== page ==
Bad news for the BBC: The broadcaster is not the United Kingdom’s most trusted news source, and two-thirds of Britons want to change how it’s funded.
A survey released Saturday show that 69% of Brits trust the BBC to deliver impartial and accurate television news. That’s less than the 73% of people who trust rival TV source ITV News, but more than the 55% who place their faith in Comcast-owned broadcaster Sky News.
The survey of more than 2,000 people, which was conducted by Savanta ComRes for the Christian Communications Partnership, also reveals that 67% of respondents support scrapping or substantially reforming the fee system that provides the BBC with most of its funding.
The survey was conducted following a bruising general election campaign in which the BBC faced accusations of bias from both main UK political parties. Election winner Prime Minister Boris Johnson has suggested he could scrap the license fee that funds the network’s entertainment programs and supports its 2,000 journalists around the world.
The £154.50 ($202) annual fee is paid by all Brits who watch or stream live TV. Last year, the BBC received more than £3.8 billion ($5 billion) from the tax, accounting for about 75% of its budget.
Speaking at a campaign stop before the December 12 vote, Johnson said “you have to ask yourself whether that kind of approach to funding a TV, a media organization still makes sense in the long term.”
Following the election, Treasury official Rishi Sunak confirmed that Johnson had ordered a review of the license fee. One question is whether Brits who fail to pay the fee should continue to face legal action.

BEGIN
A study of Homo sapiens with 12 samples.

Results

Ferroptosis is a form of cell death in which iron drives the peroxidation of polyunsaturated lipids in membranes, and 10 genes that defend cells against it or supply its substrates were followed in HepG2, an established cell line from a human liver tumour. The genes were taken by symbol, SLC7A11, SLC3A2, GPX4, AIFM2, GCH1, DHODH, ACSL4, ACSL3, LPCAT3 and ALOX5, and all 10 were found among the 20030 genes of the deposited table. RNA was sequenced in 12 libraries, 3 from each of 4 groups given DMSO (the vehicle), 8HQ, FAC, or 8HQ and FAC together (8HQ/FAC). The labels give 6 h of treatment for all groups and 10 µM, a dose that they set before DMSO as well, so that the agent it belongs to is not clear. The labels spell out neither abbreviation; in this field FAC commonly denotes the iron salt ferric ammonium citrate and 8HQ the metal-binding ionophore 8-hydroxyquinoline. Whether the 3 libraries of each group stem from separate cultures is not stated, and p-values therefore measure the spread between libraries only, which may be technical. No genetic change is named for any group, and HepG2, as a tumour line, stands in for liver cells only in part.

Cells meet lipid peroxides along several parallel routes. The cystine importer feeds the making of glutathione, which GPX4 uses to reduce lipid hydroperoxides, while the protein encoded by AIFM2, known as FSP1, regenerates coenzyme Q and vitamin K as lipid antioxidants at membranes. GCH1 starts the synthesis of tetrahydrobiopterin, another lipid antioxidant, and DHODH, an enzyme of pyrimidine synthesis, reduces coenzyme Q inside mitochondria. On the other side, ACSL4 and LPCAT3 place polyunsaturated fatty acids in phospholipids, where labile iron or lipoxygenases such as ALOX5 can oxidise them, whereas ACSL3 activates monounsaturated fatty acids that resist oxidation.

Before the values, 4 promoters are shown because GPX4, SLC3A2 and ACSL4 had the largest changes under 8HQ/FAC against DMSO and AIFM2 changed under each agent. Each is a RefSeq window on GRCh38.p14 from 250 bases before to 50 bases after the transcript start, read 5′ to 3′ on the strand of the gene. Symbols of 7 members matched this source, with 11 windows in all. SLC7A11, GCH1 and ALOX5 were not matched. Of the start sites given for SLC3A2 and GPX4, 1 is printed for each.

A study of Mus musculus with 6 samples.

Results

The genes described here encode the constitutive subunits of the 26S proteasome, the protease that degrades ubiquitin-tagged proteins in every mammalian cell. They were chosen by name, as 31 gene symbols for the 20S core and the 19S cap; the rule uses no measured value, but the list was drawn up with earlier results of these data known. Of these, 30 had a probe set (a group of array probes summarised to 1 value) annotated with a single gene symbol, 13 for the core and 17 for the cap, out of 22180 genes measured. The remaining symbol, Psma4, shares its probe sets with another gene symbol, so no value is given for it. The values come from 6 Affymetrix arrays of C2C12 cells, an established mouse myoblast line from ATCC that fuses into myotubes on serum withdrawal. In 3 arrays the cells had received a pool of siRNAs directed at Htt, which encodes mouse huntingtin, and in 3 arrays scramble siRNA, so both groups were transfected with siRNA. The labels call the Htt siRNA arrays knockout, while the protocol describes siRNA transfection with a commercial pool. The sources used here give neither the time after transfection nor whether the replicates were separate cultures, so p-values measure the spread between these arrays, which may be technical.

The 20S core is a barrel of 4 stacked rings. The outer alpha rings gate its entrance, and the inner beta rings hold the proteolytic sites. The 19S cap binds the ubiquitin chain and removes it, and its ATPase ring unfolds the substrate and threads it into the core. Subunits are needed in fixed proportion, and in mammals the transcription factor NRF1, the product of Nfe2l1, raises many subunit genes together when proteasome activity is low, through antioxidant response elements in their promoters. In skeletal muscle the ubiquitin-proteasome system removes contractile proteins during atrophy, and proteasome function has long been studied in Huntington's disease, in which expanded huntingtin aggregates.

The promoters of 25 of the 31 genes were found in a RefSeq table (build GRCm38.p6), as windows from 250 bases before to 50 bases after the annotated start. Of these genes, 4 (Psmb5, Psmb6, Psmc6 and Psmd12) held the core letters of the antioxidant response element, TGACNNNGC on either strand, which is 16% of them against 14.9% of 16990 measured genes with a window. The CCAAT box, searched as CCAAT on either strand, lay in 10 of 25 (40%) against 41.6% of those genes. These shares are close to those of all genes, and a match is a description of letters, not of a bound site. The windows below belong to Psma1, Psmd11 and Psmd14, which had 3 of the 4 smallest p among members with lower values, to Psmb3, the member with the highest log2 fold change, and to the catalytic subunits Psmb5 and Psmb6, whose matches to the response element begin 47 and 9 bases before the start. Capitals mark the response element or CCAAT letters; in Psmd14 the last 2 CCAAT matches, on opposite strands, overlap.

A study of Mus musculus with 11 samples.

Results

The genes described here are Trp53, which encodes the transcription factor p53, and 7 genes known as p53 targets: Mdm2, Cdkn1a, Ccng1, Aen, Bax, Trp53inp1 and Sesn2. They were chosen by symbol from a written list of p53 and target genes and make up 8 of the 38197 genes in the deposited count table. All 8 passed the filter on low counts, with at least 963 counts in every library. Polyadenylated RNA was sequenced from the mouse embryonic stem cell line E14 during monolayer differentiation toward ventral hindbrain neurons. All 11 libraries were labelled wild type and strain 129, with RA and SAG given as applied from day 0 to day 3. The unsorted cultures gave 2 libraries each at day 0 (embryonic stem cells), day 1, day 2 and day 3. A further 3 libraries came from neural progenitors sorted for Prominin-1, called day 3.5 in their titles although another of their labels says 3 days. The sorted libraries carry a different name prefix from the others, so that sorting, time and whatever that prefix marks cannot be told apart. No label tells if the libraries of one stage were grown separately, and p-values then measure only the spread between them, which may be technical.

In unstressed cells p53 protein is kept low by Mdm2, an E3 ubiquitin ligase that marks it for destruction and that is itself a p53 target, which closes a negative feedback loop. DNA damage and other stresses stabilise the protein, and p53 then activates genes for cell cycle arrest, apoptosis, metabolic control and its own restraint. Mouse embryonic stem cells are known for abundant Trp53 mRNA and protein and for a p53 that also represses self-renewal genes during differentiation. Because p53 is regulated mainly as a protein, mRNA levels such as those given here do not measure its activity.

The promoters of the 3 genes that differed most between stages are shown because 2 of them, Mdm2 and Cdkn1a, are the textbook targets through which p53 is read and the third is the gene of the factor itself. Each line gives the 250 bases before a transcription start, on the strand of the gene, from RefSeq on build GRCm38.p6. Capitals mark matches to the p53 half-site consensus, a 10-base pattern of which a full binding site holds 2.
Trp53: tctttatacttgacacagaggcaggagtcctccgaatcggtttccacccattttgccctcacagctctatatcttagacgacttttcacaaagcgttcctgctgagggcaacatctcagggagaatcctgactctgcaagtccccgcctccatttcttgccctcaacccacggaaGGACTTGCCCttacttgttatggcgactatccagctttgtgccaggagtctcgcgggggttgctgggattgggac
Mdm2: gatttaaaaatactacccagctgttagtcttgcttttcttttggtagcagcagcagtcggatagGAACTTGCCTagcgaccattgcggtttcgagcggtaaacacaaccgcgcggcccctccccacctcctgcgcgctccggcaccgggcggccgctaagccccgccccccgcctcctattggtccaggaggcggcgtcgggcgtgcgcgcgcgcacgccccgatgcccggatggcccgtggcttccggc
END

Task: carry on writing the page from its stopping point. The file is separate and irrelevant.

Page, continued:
“The general election showed that trust is at a premium but also that the BBC no longer has a monopoly on it,” Andrew Hawkins, chairman of polling company Savanta ComRes, said in a statement.
A BBC spokesperson said in response to the survey that research shows that the public values the BBC, and that license fee is the most popular method of funding the BBC.
“This poll appears to have asked people whether they’d like the license fee scrapped or reformed without explaining that would mean losing programmes and services they love,” the spokesperson said.
Who is trusted?
UK broadcasters, which are legally required to remain impartial, have a significant trust advantage over the country’s newspapers.
Some 55% of survey respondents said they are more likely to trust news coverage from broadcasters than websites and newspapers, which are not bound by the same rules. Only 5% said they were less likely to trust broadcasters than websites and newspapers.
More than half of Brits said they trust newspapers “not at all” or “not very much.”
Sixty percent of respondents said television is their number one source of news, with that share rising to 79% of people over 55 years of age.
But younger people have different habits. Only 39% of those aged 18-34 said television was their main source of news, whereas 60% said they get most of their news from social media.
Hawkins said the results point to a “major shake-up” of how news is delivered.
“Somehow the broadcasters and regulators will need to find a way of enabling the sector to evolve while maintaining trust in the integrity of news delivery,” he said.
The online survey of 2,018 adults was conducted between December 18 and December 20.